Math Recess: Play to Increase Thinking Mathematically
Guest blog post by Dr. Chris Brownell
Have you ever played the 50 game with students? This is the game where you challenge students to beat you at a game of removing numbers from 50 until such time that the person who has to take the last number away wins. The one rule of the game is that you must remove no more than half the remaining numbers.
So, a round of play where the student plays first might look like this:
S: “I take 24!” with a big grin, “That leaves you 26!”
T: “I take 10” sheepishly “leaving you 16”
S: “I take 7! Leaving you 9!”
T: “I take 1, leaving you 8”
S: “I take 3, leaving you 5!”
T: “1, giving you 4”
S: “Oh I can only take 1 huh? Giving you 3! Hey WAIT!”
T: “I take one giving you 2, Oh AM I going to win? Sorry…wah wah”
A few rounds of this and you have a crowd of kids trying to beat you at the game. You can see it, a group of 30, 10 year olds chomping at the bit to find a way to beat the teacher at her game.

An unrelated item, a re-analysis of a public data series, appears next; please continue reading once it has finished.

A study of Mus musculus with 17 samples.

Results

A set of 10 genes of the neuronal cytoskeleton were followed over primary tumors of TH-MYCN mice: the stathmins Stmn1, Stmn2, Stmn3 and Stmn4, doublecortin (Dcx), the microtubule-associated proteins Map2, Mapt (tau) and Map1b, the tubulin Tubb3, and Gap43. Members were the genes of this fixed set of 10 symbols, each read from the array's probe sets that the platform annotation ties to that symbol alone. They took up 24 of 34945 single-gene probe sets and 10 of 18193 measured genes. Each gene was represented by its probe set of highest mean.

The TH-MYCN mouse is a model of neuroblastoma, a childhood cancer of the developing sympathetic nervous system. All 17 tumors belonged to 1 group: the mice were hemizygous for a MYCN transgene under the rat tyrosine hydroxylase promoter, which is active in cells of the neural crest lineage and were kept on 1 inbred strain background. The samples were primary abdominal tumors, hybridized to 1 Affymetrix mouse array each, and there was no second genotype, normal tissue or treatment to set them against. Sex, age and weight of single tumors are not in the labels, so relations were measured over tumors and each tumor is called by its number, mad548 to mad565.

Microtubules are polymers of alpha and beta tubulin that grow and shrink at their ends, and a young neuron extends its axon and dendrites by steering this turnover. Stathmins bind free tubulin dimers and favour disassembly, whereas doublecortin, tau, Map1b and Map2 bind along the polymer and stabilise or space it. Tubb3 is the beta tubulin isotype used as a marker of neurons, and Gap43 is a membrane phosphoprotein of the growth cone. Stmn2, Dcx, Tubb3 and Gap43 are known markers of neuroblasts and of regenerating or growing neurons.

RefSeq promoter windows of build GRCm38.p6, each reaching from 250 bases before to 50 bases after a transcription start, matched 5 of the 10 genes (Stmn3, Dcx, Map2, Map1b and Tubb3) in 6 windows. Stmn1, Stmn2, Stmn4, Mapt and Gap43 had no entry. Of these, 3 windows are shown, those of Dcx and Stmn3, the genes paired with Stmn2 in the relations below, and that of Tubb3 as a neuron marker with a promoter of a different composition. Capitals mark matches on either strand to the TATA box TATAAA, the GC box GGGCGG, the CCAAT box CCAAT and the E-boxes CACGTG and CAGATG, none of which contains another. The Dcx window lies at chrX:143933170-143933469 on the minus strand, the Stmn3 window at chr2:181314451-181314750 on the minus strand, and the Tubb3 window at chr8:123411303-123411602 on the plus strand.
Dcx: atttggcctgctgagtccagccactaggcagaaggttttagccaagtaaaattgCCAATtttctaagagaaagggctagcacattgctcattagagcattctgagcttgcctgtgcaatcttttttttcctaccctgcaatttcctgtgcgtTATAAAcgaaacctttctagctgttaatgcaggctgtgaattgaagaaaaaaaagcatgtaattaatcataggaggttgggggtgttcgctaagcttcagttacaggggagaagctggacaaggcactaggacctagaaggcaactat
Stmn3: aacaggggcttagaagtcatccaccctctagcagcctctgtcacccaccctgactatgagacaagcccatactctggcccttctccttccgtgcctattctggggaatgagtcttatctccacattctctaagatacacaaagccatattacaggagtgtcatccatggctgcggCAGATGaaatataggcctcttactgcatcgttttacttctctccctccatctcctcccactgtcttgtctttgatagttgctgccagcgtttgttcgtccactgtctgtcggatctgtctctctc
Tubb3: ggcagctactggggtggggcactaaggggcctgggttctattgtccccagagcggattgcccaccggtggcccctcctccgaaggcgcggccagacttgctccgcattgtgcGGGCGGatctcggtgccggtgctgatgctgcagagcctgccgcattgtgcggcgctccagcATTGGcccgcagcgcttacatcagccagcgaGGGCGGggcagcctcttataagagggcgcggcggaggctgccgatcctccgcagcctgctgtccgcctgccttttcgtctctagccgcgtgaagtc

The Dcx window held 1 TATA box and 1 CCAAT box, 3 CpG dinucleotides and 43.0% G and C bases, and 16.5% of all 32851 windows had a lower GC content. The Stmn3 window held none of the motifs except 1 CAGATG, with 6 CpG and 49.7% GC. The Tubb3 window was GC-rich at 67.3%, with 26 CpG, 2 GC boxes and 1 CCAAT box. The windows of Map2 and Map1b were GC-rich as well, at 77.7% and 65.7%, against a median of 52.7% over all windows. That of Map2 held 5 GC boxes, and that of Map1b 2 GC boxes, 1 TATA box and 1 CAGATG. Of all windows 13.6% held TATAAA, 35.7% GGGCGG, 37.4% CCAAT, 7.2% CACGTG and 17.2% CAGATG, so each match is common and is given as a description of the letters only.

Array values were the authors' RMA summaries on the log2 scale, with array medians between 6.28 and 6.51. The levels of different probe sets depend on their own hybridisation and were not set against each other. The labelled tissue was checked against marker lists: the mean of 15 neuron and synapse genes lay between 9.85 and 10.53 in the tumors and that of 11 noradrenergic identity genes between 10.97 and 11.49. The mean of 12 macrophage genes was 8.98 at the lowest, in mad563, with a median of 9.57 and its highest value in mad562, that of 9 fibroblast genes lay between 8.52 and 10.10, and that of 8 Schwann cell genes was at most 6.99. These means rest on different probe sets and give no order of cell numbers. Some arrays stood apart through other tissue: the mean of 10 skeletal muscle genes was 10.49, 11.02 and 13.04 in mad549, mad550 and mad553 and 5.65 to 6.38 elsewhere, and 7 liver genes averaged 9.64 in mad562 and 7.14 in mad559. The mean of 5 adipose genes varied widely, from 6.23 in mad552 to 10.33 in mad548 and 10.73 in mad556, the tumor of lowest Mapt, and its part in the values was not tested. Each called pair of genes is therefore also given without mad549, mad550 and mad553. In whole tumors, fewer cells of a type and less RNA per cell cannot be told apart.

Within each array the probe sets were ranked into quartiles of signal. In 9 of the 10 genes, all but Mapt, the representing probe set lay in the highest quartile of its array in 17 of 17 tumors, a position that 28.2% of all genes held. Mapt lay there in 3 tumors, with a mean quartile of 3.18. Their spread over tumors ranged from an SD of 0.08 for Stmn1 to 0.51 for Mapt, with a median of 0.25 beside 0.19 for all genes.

A game like this leads to some very deep truths about the structure of the whole numbers. The role of powers of 2, how to represent integers in various bases, practice with halving numbers etc. However, it also gets at other critical thinking skills, are there ways to ensure you don’t lose this game? What is the winning strategy, is it different if you are playing with a knowledgable player than with someone who doesn’t know a strategy? These things too are an important part of learning to be mathematical, to become fluent in the art of thinking mathematically. They have their roots in play. Play where you the players can make the rules to suit your
purposes, play where the sound in the space isn’t groans elicited by drudgery but shouts and whoops drawn out by near wins, close seconds and intense focus released.
This is the sort of activity I discuss, at length, in the book, “Math Recess Playful Learning in an Age of Disruption.” Available on Amazon at mathrecessbook.com
Learn more and hang out with Dr. Chris Brownell online! Join his online Go Slow Workshop starting May 13th. He picks 6 key concepts from the book and interacts with you to discuss and go further with ideas for how to make your math classroom more playful!